Charles Rennie Mackintosh
This architect i have managed to find out a little more information on. this information was all found on an external source, but has intreaged me to keep researching.
Charles Rennie Mackintosh (June 7, 1868–December 10, 1928) was a Scottish architect, designer, and watercolourist. He was a designer in the Arts and Crafts movement and also the main exponent of Art Nouveau in the United Kingdom. He had a considerable influence on European design.
He lived most of his life in the prosperous city of Glasgow. Located by the margins of the River Clyde, during the Industrial Revolution the city had one of the greatest production centres of heavy engineering and shipbuilding in the world. As the city grew and prospered, a faster response to the high demand for consumer goods and arts was necessary. Industrialized, mass-produced items started to gain popularity. Along with the Industrial Revolution, Asian style and emerging modernist ideas also influenced Mackintosh’s designs. When the Japanese isolationist regime softened, shipyards building at the River Clyde were exposed to Japanese navy and training engineers; Glasgow’s link with the eastern country became particularly close. Japanese design became more accessible and gained great popularity.
This style was admired by Mackintosh because of: its restraint and economy of means rather than ostentatious accumulation; its simple forms and natural materials rather than elaboration and artifice; the use of texture and light and shadow rather than pattern and ornament. In the old western style furniture was seen as ornament that displayed the wealth of its owner and the value of the piece was established according to the length of time spent creating it. In the Japanese arts furniture and design focused on the quality of the space, which was meant to evoke a calming and organic feeling to the interior.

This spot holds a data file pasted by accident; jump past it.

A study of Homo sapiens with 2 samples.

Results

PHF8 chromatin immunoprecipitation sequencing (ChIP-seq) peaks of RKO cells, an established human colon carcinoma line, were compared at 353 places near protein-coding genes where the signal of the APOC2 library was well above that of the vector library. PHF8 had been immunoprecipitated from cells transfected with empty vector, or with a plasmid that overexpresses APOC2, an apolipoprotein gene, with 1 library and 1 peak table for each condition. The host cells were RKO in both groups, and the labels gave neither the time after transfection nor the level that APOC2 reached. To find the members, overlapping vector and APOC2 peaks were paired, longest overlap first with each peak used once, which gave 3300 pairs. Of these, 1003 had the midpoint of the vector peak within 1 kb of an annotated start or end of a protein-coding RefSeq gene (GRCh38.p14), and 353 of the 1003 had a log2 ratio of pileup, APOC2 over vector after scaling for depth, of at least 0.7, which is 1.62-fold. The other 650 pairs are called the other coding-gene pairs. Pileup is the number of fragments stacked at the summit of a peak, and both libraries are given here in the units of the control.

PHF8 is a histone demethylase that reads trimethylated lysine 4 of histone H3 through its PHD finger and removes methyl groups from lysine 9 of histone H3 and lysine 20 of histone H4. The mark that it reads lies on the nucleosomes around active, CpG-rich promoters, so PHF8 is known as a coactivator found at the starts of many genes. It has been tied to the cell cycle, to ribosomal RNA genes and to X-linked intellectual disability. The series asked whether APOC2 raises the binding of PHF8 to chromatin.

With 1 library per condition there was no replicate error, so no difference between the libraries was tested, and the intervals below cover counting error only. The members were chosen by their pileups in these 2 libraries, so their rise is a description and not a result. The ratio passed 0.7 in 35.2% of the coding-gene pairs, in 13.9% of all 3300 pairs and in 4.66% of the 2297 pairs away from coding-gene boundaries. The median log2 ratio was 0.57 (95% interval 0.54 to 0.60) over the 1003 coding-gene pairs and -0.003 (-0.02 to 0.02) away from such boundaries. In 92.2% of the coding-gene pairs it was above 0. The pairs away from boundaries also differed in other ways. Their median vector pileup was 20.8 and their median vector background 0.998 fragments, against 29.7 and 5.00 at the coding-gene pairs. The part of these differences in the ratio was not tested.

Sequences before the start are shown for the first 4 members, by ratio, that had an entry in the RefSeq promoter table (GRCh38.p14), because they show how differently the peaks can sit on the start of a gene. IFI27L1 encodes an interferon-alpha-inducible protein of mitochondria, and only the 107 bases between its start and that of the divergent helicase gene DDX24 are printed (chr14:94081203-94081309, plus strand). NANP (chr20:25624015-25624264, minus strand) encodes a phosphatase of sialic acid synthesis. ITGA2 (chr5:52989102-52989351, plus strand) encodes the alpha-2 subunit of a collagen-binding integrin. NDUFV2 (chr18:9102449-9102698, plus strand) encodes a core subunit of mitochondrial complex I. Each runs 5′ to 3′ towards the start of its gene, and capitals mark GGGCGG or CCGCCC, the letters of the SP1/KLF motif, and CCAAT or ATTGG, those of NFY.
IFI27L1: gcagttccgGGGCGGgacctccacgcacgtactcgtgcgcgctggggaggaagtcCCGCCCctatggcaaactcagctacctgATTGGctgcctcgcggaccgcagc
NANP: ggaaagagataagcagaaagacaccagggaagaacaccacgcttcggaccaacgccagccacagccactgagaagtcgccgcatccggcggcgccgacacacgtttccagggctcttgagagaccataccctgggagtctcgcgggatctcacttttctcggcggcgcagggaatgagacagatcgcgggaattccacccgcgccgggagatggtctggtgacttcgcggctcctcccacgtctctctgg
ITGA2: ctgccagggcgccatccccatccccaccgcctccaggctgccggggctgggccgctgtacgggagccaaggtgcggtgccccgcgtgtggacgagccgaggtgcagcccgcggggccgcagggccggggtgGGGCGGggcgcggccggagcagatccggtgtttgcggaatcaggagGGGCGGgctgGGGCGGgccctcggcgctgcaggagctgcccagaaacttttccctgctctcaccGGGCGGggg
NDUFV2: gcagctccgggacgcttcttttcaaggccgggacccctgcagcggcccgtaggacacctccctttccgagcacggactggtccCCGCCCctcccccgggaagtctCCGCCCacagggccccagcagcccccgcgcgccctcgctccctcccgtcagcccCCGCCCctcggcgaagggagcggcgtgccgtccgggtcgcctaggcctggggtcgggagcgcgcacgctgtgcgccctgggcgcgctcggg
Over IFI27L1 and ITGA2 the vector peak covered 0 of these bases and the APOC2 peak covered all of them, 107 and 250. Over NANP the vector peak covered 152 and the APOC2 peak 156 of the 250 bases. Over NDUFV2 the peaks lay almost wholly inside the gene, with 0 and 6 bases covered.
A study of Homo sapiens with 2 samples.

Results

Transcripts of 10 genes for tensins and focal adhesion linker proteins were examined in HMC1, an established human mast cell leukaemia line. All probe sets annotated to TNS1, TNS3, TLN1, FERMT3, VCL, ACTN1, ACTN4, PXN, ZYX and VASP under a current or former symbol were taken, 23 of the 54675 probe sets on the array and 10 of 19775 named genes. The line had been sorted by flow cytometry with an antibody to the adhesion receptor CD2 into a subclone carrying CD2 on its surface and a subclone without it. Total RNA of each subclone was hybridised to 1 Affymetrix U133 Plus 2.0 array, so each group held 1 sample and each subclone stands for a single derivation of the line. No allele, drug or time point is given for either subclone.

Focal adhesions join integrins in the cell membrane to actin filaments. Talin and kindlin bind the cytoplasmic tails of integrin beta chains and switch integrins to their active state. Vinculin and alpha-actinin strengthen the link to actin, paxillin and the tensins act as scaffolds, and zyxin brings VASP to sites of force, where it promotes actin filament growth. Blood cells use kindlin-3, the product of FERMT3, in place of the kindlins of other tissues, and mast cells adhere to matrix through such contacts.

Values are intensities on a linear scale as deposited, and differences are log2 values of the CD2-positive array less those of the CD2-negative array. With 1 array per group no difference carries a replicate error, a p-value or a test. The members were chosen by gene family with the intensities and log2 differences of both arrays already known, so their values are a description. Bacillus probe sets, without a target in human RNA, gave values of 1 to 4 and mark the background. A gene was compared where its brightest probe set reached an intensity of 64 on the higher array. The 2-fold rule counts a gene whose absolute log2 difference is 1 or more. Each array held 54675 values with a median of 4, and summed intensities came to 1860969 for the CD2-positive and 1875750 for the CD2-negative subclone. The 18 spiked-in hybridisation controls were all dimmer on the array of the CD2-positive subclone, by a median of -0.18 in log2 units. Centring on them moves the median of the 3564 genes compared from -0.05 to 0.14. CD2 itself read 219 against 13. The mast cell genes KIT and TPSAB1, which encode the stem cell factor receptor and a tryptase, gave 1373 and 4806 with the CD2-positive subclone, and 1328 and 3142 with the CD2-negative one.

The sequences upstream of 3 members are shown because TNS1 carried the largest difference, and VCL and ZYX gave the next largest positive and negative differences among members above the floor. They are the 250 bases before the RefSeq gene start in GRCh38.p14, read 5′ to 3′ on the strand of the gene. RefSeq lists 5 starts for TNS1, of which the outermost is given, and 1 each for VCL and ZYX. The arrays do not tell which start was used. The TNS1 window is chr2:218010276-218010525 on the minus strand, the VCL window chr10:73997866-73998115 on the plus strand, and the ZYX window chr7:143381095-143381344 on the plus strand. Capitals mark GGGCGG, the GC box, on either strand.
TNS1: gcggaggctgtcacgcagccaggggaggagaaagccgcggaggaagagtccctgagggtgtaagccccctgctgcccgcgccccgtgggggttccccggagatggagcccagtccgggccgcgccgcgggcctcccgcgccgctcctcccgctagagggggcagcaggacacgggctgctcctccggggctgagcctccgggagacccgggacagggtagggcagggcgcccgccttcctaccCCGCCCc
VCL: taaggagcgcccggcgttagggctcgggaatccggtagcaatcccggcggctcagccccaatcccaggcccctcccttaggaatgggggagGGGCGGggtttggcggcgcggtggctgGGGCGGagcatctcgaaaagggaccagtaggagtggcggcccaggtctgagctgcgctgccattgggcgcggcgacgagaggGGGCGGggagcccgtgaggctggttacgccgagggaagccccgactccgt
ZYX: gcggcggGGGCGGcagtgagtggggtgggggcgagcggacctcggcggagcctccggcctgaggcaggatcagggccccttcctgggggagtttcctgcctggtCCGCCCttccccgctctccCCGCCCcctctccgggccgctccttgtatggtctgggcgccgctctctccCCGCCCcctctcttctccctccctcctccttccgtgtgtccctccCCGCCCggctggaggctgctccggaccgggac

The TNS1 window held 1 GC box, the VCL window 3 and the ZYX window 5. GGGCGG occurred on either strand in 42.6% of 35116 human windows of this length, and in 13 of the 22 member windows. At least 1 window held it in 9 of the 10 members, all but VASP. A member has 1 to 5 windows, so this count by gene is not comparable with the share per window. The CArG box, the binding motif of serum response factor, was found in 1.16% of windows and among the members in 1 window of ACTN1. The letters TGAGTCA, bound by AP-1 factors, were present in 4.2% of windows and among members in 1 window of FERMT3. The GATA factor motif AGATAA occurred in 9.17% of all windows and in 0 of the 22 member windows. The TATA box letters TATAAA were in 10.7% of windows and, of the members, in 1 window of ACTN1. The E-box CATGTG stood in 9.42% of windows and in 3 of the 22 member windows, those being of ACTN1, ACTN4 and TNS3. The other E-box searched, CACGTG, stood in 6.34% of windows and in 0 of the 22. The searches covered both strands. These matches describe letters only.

At the same time a new philosophy concerned with creating functional and practical design was emerging throughout Europe: the so-called “modernist ideas”. The main concept of the Modernist movement was to develop innovative ideas and new technology: design concerned with the present and the future, rather than with history and tradition. Heavy ornamentation and inherited styles were discarded. Even though Mackintosh became known as the ‘pioneer’ of the movement, his designs were far removed from the bleak utilitarianism of Modernism. His concern was to build around the needs of people: people seen, not as masses, but as individuals who needed not a machine for living in but a work of art. Mackintosh took his inspiration from his Scottish upbringing and blended them with the flourish of Art Nouveau and the simplicity of Japanese forms.
While working in architecture, Charles Rennie Mackintosh developed his own style: a contrast between strong right angles and floral-inspired decorative motifs with subtle curves, e.g. the Mackintosh Rose motif, along with some references to traditional Scottisharchitecture. The project that helped make his international reputation was the Glasgow School of Art (1897-1909). During the early stages of the Glasgow School of Art Mackintosh also completed the Queen’s Cross Church project in Maryhill, Glasgow. This is considered to be one of Charles Rennie Mackintosh most mysterious projects. It is the only church by the Glasgow born artist to be built and is now the Charles Rennie Mackintosh Society headquarters. Like his contemporary Frank Lloyd Wright, Mackintosh’s architectural designs often included extensive specifications for the detailing, decoration, and furnishing of his buildings. His work was shown at the Vienna Secession Exhibition in 1900. Mackintosh’s architectural career was a relatively short one, but of significant quality and impact. All his major commissions were between 1896 and 1906, where he designed private homes, commercial buildings, interior renovations, church, and furniture.